Dems attack Barr's credibility after report of White House briefings on Mueller findings
© Greg Nash

Democrats are attacking Attorney General William BarrBill BarrSenate Democrats urge Garland not to fight court order to release Trump obstruction memo Lawyer for former officer charged in George Floyd death alleges witness coercion CNN legal analyst joins DOJ's national security division MORE’s credibility after The New York Times reported Wednesday that the Department of Justice has briefed the White House about special counsel Robert MuellerRobert (Bob) MuellerSenate Democrats urge Garland not to fight court order to release Trump obstruction memo Why a special counsel is guaranteed if Biden chooses Yates, Cuomo or Jones as AG Barr taps attorney investigating Russia probe origins as special counsel MORE’s findings.

The report, which states that the DOJ has had “numerous conversations” with the White House about Mueller’s report, sparked a wave of outrage from Democrats.

“This is outrageous. The AG is supposed to be an independent beacon of truth and justice,” Rep. Elijah CummingsElijah Eugene CummingsOvernight Health Care: AstraZeneca may have included outdated data on vaccine trial, officials say | Pelosi says drug pricing measure under discussion for infrastructure package | Biden administration extends special ObamaCare enrollment until August Pelosi: Drug pricing measure under discussion for infrastructure package Bottom line MORE (D-Md.), the chair of the powerful House Oversight and Reform Committee, tweeted in response to the report.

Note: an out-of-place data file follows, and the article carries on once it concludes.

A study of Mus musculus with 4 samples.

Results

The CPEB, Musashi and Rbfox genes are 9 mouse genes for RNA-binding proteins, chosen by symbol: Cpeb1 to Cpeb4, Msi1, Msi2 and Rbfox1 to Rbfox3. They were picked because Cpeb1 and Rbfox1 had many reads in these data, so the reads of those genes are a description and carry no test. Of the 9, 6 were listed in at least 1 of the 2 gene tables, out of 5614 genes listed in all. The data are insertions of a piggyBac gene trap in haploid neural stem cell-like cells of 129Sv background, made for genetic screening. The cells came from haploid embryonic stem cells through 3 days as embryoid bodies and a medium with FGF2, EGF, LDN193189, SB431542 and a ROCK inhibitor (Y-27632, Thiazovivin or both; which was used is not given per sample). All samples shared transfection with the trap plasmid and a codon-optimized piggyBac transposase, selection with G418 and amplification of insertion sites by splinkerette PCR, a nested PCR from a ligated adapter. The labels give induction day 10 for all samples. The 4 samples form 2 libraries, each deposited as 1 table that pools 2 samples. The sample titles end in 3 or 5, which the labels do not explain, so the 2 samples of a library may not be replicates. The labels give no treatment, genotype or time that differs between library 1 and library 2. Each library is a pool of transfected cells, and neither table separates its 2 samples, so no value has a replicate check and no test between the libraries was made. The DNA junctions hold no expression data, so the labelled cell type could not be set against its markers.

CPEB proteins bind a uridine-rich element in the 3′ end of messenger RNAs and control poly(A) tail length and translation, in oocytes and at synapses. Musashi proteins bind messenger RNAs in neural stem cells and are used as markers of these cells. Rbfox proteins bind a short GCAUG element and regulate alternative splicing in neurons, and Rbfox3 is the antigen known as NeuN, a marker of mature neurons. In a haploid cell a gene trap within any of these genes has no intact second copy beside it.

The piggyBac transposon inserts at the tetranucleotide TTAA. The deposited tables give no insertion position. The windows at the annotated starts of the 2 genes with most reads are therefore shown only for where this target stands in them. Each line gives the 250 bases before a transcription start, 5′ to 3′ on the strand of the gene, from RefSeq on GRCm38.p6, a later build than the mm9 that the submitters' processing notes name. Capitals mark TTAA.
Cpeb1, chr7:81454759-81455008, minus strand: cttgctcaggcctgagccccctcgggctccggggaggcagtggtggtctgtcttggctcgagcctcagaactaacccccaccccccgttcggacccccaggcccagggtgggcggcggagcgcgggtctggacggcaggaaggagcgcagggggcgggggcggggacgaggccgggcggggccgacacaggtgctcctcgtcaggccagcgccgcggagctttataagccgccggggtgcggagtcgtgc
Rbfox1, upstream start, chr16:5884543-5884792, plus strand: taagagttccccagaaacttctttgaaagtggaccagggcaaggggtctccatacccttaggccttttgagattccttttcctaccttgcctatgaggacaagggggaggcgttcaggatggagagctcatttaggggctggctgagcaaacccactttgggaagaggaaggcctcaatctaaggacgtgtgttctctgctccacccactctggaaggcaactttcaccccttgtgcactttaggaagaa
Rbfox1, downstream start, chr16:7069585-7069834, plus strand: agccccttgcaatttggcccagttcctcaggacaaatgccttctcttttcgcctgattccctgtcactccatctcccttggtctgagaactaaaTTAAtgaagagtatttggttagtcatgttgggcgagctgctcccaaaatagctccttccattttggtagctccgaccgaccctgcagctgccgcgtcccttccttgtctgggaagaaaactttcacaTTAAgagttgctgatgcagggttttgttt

House Judiciary Committee Chairman Jerrold NadlerJerrold (Jerry) Lewis NadlerMcGahn to sit for closed-door interview with House Democrats House to consider anti-Asian hate crimes bill, protections for pregnant workers this month A historic moment to truly honor mothers MORE (D-N.Y.) said he was "deeply troubled" by the report.

House Intelligence Committee Chairman Adam SchiffAdam Bennett SchiffSunday shows preview: House GOP removes Cheney from leadership position; CDC issues new guidance for fully vaccinated Americans Lone wolf actors post greatest domestic terror threat, FBI, DHS conclude State calls for Azerbaijan to pull back forces from Armenia border MORE (D-Calif.) also blasted the Times report, along with DOJ’s decision to not hand over the report to Congress until after Barr holds a press conference on Thursday morning.

"This is not justice. This is PR," Schiff tweeted.

And Speaker Nancy PelosiNancy PelosiIncreasingly active younger voters liberalize US electorate Sunday shows preview: House GOP removes Cheney from leadership position; CDC issues new guidance for fully vaccinated Americans The Memo: Lawmakers on edge after Greene's spat with Ocasio-Cortez MORE (D-Calif.) said Barr has "thrown out his credibility & the DOJ’s independence with his single-minded effort to protect [Trump] above all else."

This isn't the first time that Democrats have questioned Barr's credibility. Some opposed his nomination as attorney general after it was revealed that he had sent an unsolicited memo to DOJ criticizing Mueller's obstruction of justice probe.

And Democrats were up in arms last week after Barr said during congressional testimony that he believed there was "spying" on the Trump campaign in 2016. He later said that he wanted to review if there was any improper surveillance on the campaign.

Other congressional Democrats have been quick to join in the criticism of Barr. 

Barr will hold a press conference at 9:30 a.m. on Thursday on the release of the Mueller report.

The document is expected to be heavily redacted, after Barr said he would not include certain information like grand jury material in the public version of the document.

But federal prosecutors said in a court filing Wednesday that DOJ intends to make a version of the report without certain redactions available to select members of Congress.